Looking for medicine for a sick kid? You may be out of luck

Empty shelves at a grocery store
Empty shelves at Cub Foods in Stillwater, Minn., on Monday where children’s medicine is usually stocked.
Mark Zdechlik | MPR News

If you have young kids, you’re probably seeing a lot more of them lately around the house when they’re supposed to be in school or at daycare. What some call a “tripledemic,” the flu, RSV and COVID-19 are all hitting at the same time.

“As a parent to kids myself it seems like we've had a kid home, you know, missing school the majority of the last month or so. It seems like the poor kids are going through the wringer with all the illnesses this season," said Jason Miller, who in addition to taking care of his kids, oversees more than three dozen Coborns-Cashwise pharmacies where some over-the-counter medicine is in short supply.

“A lot of people have been sick and that's really what's driving these shortages,” Miller said.

Liquid acetaminophen and ibuprofen, often branded as Tylenol and Motrin, have become hard to find. The liquid suspension forms of those non-prescription medicines are most commonly given to children too young to take pills.

“We are overwhelmed in primary care. Our urgent cares are full,” said Dr. Shannon Neale, a family medicine physician at HealthPartners and Park Nicollet. 

Neale said she understands why parents frequently reach for acetaminophen and ibuprofen when their kids are sick, but she says in many cases those drugs are not as necessary as many people think.


Neale advised parents to turn to home remedies if they can’t find kids medicine at the store.

“Things for cough that people could try would be to use some honey mixed with some lemon water — like one or two teaspoons of honey mixed in with some warm water with a little bit of lemon in it,” Neale said. “The caution with honey though is that it should not be used for children under the age of one.”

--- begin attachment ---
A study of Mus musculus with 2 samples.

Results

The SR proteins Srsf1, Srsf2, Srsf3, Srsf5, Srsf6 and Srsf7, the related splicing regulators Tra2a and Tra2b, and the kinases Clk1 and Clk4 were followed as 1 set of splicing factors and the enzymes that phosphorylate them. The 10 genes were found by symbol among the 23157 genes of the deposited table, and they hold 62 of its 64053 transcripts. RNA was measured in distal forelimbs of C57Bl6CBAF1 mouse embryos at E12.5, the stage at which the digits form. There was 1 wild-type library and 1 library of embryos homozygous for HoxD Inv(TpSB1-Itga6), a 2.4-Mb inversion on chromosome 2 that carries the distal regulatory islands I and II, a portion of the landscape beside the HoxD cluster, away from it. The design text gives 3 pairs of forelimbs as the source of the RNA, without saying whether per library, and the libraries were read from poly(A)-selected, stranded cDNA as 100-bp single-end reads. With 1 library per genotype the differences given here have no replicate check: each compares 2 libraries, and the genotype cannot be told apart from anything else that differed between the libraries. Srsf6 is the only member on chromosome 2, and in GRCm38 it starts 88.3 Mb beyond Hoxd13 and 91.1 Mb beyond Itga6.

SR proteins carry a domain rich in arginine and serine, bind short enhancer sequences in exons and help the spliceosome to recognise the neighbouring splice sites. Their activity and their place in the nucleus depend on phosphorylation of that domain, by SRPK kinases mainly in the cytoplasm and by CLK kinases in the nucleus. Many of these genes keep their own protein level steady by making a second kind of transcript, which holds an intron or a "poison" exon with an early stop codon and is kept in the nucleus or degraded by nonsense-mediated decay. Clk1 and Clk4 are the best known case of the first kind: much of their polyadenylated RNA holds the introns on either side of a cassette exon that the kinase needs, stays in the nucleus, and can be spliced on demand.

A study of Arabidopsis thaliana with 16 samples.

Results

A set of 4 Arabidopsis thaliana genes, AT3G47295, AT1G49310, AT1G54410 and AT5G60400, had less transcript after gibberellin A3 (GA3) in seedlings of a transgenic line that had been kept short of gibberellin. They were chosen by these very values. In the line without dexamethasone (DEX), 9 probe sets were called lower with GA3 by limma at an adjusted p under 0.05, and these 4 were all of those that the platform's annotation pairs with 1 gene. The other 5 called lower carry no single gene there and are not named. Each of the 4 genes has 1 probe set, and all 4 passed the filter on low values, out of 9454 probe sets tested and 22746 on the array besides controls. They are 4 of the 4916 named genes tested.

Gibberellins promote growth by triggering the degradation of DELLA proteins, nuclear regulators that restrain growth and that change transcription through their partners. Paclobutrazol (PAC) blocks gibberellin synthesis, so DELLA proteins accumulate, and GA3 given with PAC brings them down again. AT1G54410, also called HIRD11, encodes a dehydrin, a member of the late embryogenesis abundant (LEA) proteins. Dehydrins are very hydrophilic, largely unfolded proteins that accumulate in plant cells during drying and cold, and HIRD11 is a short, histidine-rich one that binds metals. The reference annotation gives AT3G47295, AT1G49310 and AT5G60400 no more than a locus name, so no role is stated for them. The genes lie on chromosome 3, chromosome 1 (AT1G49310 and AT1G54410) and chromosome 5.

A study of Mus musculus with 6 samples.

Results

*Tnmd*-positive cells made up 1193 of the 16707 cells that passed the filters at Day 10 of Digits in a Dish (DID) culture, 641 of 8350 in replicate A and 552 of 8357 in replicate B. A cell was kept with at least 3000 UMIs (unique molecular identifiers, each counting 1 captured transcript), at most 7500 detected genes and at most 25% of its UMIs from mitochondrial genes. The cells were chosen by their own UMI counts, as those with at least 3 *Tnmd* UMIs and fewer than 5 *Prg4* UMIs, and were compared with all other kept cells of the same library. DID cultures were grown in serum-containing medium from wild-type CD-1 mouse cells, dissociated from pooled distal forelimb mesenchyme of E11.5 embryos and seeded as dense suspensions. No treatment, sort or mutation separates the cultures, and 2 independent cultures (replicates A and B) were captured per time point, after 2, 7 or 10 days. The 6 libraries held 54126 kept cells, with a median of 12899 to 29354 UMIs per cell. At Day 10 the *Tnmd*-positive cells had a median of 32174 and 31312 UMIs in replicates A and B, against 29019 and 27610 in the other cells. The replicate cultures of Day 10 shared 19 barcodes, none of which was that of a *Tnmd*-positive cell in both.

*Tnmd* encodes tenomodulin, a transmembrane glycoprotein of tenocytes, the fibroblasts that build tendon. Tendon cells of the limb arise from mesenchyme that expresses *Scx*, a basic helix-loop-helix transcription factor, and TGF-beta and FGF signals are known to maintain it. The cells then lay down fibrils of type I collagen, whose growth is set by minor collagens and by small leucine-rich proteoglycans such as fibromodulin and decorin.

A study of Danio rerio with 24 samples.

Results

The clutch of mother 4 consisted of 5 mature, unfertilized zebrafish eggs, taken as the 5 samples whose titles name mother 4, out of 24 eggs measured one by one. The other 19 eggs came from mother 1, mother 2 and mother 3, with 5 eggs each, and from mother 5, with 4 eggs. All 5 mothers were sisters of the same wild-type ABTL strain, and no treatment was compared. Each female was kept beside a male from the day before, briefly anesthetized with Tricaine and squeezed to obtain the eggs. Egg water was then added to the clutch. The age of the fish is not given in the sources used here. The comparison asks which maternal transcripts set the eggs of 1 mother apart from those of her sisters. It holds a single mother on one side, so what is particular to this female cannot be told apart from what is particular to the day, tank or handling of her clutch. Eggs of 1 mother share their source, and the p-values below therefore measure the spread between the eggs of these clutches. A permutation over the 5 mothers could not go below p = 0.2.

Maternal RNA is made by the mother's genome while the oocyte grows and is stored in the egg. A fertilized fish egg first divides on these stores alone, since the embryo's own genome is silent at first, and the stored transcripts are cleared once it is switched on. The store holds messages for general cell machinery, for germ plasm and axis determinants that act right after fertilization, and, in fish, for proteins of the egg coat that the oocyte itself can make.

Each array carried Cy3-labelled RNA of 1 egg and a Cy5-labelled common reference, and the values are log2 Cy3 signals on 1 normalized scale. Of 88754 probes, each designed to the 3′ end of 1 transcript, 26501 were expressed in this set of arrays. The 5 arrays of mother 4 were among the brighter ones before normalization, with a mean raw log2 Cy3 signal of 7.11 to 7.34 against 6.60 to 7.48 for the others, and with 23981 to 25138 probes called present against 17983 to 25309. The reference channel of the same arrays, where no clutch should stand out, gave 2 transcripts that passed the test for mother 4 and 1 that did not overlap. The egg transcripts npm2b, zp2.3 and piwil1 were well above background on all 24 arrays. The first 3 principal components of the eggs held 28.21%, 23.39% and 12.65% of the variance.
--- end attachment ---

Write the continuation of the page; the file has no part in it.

Other remedies on the list include: gargling with salt water, taking hot showers, using humidifiers, extra pillows and drinking plenty of water.

“All of those things can help you feel better and also fight off the virus better,” Neale said.

Experts also recommend flu shots and getting up to date on COVID-19 boosters. And they say if you're sick, stay home. 

Beth Thielen, assistant professor in the Department of Pediatrics at the University of Minnesota Medical School, warned parents against trying to use smaller portions of adult medicine for children amid the shortage.

“I don't want people to be going off kind of doing this on their own,” Thielen said. “One of the key factors for children is that the dosing is really dependent on their size, and there's a risk of either overdosing or underdosing. And probably the most dangerous would be overdosing medicines. We don't want to do that."

If necessary, healthcare providers can write prescriptions for children’s acetaminophen and ibuprofen ensuring the dosage is appropriate, Thielen noted.

Jason Miller said he expects kids' medicines to be scarce for the next couple of months, through the  end of the cold and flu season. The best way to keep kids and adults comfortable is to keep them from getting sick in the first place, he said, noting somewhat nervously that there’s a proven strategy for that.

“Masking, and, you know, that’s become such a taboo topic,” he said. “But  we’ve seen reduced infections in the seasons where we masked and socially distanced.”